Written by Daniel Hazard
Affirmation of UCC youth
At age fifteen, I was a churchgoer and youth group member, silently struggling with how to be both faithful and popular as a rising sophomore in high school. Drugs and alcohol were served at parties. Opportunities for dating brought pressure for sex. The question of colleges implied the question of what I was going to "be" as an adult, and I had no answer.
While I experienced God's presence and love in church, the teen years raised new faith questions I couldn't answer and was afraid to ask out loud.
It was in the midst of this silent faith quandary that I stumbled upon the National Youth Event (NYE) the way a weary traveler might stumble upon a restaurant on a long stretch of deserted highway - unexpectedly and with delight, relief and gratitude.
A friend from church had called me after school one day and told me about NYE. She knew only three details: There was going to be a UCC youth event next summer. Thousands of teenagers would be there. Participants would get to stay in dorms on a college campus. Those three details enticed me, and a few months later we were in a college arena surrounded by heart-pounding music and a screaming crowd of over two thousand teenagers.
Opening night at NYE began with the adrenaline rush of a rock concert and eventually moved into a spirit of worship. Something about the experience of communing with God among thousands of other teenagers that night changed me. It changed my idea of what church looked like. It expanded my feeling of identity and belonging. That gathering of strangers, people of unfamiliar faces and different places, in that moment, became a congregation.
In workshops and worship throughout the event, the realities of teenage life were acknowledged with sensitivity and honesty. We were informed about situations of suffering and injustice in the world and empowered with the news that Christ calls and equips us to respond to the world's brokenness. When our church bus returned home, I burst into tears and told my mother, "My life will never be the same." Today I believe that my "yes" to ministry as an adult was the response to a call I first heard at NYE.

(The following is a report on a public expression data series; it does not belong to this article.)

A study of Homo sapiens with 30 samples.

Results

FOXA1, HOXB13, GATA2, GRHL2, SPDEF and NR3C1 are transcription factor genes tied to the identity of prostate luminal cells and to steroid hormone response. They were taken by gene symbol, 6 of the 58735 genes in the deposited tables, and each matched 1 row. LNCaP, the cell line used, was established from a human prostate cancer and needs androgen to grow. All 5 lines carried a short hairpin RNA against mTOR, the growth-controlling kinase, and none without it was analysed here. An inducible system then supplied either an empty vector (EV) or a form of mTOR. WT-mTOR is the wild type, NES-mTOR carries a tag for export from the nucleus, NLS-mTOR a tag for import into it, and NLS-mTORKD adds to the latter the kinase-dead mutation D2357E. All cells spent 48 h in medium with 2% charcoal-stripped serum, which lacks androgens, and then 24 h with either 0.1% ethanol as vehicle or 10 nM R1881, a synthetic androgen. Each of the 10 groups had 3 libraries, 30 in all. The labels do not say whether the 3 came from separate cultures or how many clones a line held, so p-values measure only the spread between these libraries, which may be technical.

In a society (and sometimes, a church) that assumes teenagers are too young to make any real difference in the world, my experience at NYE affirmed that teenagers are some of God's most gifted, powerful agents of change. Not despite their youth, but because of it.
The journey through adolescence is filled with self-discovery, budding talents and big dreams. NYE offers youth an opportunity to discern how God might use those talents and dreams in their lives and in the world. It also offers them much-needed reassurance of God's abiding presence and unwavering love as they leap and stumble on life's path.
The NYE Planning Team, along with national staff and the University of Tennessee conference staff have worked long and hard to provide great speakers, musicians and workshops. We've created plenty of opportunities for education, recreation and fun. But I also believe that we will have created a space in which the sacredness of common life will be tangible, and all who gather will perceive God's presence in moments of comfort and challenge, affirmation and call.
The Rev. Kelly Burd, coordinator of the 2008 National Youth Event, has worked in parish and youth ministry for nine years.
The UCC National Youth Event will be held July 24-28 at the University of Tennessee in Knoxville. As of the April early-registration deadline, 2,349 registrations were processed. The final deadline is June 27. Learn more at www.ucc.org/youth.